A banker does not believe the terrible news of the coup in Kabul, yet she must somehow make it home. How is it possible when what she is wearing may endanger her life?
On August 15, 2021, I woke up at 6:00 a.m. and prepared to go to work as usual. I felt nervous on the way because most of streets were emptier than on other days, but behind the gates of the banks and the Iranian embassy, large numbers of people were lined up for hours to withdraw their money and find a way out of the country.
My body was filled with anxiety. I kept asking myself what I would do if the Taliban took control of Kabul.
I arrived at the bank and had just turned on my PC to start my job. Suddenly, one of my colleagues said, “I just received a call. Kabul has fallen!” I did not believe him. I told him it was gossip, impossible, and not to pay attention to this news. How could the Taliban so easily conquer Kabul?
A few minutes later, I received a call from my older sister. She gave me the same shocking news.
I was scared and asked myself whether I would I get home safe and sound. My clothes were not good, not even my shoes. I wore white ballet flats with a vamp decorated with a chain of golden rings. The Taliban do not let people wear white, especially shoes and socks, because it is the colour of their flag. I had no other choice. I had to get home.
Eventually, I was able to persuade one of the bank’s drivers to accompany me part of the way. We left in a hurry, but the road was jammed with traffic. Everyone was trying to escape. Even the soldiers were fleeing to keep their military equipment from the hands of the Taliban. I had never encountered such a chaotic scene before. For more than two hours, I was on the airport road. I saw a lot of people with baggage. They were all heading for the airport.
They realized that the dark era of oppression and ignorance would begin again.
After waiting for two hours in the crowded street of the airport, I decided to get out and walk. Fear and apprehension had taken over my whole being. How could I go this long and scary way in my white shoes? How could I hide them? What a risk I took. With every step, I felt that I was drawing attention to myself and would soon be punished in the worst way.
After one hour of walking, I found a taxi. When I sat in the car and looked around, I saw good roads, educated people, new construction and businesses. I just started to cry. My country was our family. It was a social structure. It was a life and an income. It was the result of years of effort, but how easily we lost it. I could feel the hopelessness in the people.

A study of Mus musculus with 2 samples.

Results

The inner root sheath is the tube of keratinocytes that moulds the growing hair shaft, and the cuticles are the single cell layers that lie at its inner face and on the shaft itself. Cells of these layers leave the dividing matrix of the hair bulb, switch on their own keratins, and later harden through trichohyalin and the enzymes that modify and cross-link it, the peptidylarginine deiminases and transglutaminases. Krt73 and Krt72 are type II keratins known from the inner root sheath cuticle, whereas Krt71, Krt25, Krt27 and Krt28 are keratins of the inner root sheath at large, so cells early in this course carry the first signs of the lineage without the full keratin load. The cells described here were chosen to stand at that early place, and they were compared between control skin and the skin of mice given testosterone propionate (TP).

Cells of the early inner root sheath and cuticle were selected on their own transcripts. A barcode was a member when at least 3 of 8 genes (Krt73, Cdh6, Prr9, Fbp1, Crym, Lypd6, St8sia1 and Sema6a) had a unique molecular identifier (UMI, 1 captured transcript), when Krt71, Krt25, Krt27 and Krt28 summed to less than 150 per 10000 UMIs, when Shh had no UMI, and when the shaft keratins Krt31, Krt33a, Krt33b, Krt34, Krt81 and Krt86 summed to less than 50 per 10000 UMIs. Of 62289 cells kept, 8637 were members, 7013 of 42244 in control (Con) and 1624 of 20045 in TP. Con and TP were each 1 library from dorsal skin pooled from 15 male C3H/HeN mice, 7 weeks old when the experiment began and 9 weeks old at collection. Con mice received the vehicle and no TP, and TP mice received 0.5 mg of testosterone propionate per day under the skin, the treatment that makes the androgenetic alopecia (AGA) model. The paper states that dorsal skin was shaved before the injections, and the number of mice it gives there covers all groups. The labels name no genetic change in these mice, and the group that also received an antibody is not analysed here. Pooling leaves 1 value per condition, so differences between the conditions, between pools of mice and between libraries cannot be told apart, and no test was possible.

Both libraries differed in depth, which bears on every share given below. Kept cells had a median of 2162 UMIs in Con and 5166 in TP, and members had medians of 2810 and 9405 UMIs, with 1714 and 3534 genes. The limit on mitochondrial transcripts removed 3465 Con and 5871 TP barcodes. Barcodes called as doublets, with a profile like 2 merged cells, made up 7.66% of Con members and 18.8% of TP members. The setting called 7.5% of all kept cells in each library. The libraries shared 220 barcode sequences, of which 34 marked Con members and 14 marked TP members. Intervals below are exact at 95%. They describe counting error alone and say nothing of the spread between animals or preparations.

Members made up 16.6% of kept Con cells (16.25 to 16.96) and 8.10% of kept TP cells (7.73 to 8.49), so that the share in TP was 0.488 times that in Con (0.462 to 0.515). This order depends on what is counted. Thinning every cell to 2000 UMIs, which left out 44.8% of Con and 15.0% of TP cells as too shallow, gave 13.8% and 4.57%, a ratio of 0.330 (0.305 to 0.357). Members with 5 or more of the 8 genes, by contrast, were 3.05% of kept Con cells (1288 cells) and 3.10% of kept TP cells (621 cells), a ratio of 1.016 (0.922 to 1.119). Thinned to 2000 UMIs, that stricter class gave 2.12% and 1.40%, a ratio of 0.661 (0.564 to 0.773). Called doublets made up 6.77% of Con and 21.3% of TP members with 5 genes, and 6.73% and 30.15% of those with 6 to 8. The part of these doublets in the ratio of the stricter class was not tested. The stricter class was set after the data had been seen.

With tears in my eyes, I somehow reached home safely after six hours. I looked at my tired feet. I never thought that my shoes would be dangerous for me and even cost me my life. My sisters and I had lost all our hopes and dreams. From that point on, we wouldn’t have any rights. The era of oppression was back, especially for the Hazara ethic group.
My father was so worried about our lives and our future. He had sent his daughters to high school and university with the hope that they would be able to stand on their own two feet—an unattainable dream now. Now these white shoes in my cupboard remind me of that bitterest day and hurt my heart.
Setara Zahedi has a degree in Economics from Kabul University. In 2021, After the fall of Afghanistan, she was forced to leave her family and country to save her life and freedom.
Portrait: Monique Martin with Setara Zahedi
Ink and paint on various papers (silkscreen)
This piece uses a print proof from a past work of Monique’s with an image of a waterlily as subject matter titled “Pebble in a Pond”.
Setara wrote various economic formulas we converted to a silkscreen and printed them over the lilies as a symbol of Setara’s job as an economist in Afghanistan before she fled.
She also printed white shoes similar to the ones she had worn on August 15. Another layer is an image of herself in her traditional clothing collaged over the print proof.